Fitzgerald v. Wal-Mart Stores East, LP
No. AW-13-422 (U.S. District Court for the District of Maryland, October 25, 2013)

by Colleen K. O’Brien, Associate
Semmes, Bowen & Semmes (

This personal injury action arises from an incident on December 21, 2009, when Plaintiff Christel Fitzgerald fell on a patch of ice in a parking lot adjacent to a Wal-Mart store in Alexandria, Virginia. Plaintiff filed suit in the Circuit Court for Prince George’s County, Maryland against six different Wal-Mart entities which she claimed owned, operated, or were responsible for the premises. She also named USM, Inc. (“USM” or “Third Party Plaintiff”) as a Defendant, alleging that it had a contract with one or more Wal-Mart entities to perform or oversee snow removal at the premises. Defendants removed the action to federal court. Thereafter, USM filed a Third Party Complaint against MCHI, Inc. d/b/a Snow Patrol, Inc. (“Snow Patrol” or “Third Party Defendant”), the company contracted by USM to perform snow removal services at the Alexandria location on the date of Plaintiff’s fall. USM sought indemnification and/or contribution from Snow Patrol in an amount equal to any damages awarded against USM in Plaintiff’s first party action. Snow Patrol filed a Motion to Dismiss for lack of personal jurisdiction pursuant to Fed. R. Civ. P. 12(b)(2).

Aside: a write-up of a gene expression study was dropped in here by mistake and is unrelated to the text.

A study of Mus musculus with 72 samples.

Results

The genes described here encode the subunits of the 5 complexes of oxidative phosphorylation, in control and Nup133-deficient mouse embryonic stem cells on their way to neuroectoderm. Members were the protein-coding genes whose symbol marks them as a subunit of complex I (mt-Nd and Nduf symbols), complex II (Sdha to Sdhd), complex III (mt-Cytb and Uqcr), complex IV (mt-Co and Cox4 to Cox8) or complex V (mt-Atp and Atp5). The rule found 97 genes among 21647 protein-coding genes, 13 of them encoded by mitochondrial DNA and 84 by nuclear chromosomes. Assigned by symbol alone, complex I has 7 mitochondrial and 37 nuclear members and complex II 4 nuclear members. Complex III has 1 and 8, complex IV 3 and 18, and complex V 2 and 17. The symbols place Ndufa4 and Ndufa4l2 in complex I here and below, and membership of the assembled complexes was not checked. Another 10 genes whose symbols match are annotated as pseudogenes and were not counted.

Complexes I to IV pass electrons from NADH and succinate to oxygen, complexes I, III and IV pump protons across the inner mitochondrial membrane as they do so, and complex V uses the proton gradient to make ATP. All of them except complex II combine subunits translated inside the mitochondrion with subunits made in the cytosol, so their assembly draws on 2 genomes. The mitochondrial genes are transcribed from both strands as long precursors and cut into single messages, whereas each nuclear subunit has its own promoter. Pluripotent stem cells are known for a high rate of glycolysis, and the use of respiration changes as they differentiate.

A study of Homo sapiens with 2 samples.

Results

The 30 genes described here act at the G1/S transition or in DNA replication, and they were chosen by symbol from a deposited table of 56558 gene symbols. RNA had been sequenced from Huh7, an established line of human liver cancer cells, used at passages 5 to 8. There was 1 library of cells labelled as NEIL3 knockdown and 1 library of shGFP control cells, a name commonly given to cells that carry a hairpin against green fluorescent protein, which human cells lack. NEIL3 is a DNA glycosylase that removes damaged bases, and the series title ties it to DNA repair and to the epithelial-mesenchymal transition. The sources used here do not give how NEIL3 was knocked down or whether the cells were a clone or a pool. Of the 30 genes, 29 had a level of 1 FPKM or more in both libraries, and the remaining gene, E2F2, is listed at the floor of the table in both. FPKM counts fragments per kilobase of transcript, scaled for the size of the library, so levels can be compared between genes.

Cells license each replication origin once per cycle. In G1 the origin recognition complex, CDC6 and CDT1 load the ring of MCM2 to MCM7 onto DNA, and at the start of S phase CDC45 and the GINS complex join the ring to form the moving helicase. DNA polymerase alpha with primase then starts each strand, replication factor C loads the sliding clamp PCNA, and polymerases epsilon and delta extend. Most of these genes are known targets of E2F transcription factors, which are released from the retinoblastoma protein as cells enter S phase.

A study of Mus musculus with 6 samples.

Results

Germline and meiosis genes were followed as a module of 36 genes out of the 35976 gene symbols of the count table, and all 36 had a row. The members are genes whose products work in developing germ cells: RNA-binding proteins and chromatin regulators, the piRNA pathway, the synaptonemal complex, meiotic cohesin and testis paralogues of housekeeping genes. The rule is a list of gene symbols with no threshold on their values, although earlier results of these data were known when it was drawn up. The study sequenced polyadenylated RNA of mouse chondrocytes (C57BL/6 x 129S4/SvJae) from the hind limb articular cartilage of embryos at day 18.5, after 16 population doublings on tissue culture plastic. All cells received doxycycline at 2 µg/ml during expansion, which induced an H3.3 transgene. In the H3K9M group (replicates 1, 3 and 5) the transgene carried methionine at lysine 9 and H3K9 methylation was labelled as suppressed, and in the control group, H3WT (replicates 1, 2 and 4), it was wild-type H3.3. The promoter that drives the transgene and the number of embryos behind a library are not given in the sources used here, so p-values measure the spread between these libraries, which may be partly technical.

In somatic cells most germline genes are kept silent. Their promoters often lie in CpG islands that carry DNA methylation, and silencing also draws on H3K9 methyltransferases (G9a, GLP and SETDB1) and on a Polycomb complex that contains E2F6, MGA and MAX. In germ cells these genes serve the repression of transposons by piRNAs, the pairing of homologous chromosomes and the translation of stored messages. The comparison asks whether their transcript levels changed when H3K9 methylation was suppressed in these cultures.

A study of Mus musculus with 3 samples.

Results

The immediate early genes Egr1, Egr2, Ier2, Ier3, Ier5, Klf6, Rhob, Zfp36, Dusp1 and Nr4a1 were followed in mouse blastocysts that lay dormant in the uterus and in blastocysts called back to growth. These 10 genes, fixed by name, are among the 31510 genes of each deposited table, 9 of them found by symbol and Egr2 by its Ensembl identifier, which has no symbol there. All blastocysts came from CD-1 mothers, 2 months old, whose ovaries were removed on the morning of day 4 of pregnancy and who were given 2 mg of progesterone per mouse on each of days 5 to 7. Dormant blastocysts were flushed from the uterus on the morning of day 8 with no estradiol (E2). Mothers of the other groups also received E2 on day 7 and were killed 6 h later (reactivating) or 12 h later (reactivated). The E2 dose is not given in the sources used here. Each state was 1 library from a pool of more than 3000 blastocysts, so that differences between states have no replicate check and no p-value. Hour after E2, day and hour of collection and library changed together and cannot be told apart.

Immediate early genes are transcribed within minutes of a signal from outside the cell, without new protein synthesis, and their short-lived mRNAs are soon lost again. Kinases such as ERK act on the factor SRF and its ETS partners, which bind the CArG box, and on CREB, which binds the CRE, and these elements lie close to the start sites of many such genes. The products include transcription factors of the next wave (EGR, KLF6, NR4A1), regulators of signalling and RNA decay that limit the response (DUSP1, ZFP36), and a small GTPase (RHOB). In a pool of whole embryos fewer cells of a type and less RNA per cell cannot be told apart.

Because Snow Patrol was impleaded as a third party defendant under Fed. R. Civ. P. 14, it was subject to the “100-mile bulge” of Rule 4(k)(1)(B). Rule 4(k) extends the territorial jurisdiction of the federal courts; thus, whether or not the forum state could exercise jurisdiction over the party in the same circumstances is immaterial. Application of the 100-mile bulge rule, however, may still be limited by the Due Process Clause. For the Court to exercise personal jurisdiction over Snow Patrol, it must find that Snow Patrol established sufficient minimum contacts with the bulge area.

The Court concluded that the Third Party Plaintiff made a prima facie showing that the Court had jurisdiction over Snow Patrol because: 1) Snow Patrol was incorporated in Virginia; 2) its business address was in Fairfax, Virginia; and, 3) its registered agent was located in Broad Run, Virginia. It was undisputed that all of these addresses were within 100 miles of both the Greenbelt and Baltimore federal courthouses. Moreover, the underlying accident involving the Plaintiff occurred at a Wal-Mart store in Alexandria, Virginia, which was also within 100 miles of the courthouses. Finally, Snow Patrol did not dispute that it contracted with USM to provide snow removal services at the Alexandria site. It was, therefore, clear from the record that Snow Patrol purposefully availed itself of the privilege of conducting business activities within the bulge area, such that the exercise of personal jurisdiction by the Court was proper. Accordingly, the Court denied Snow Patrol’s Motion to Dismiss for Lack of Personal Jurisdiction.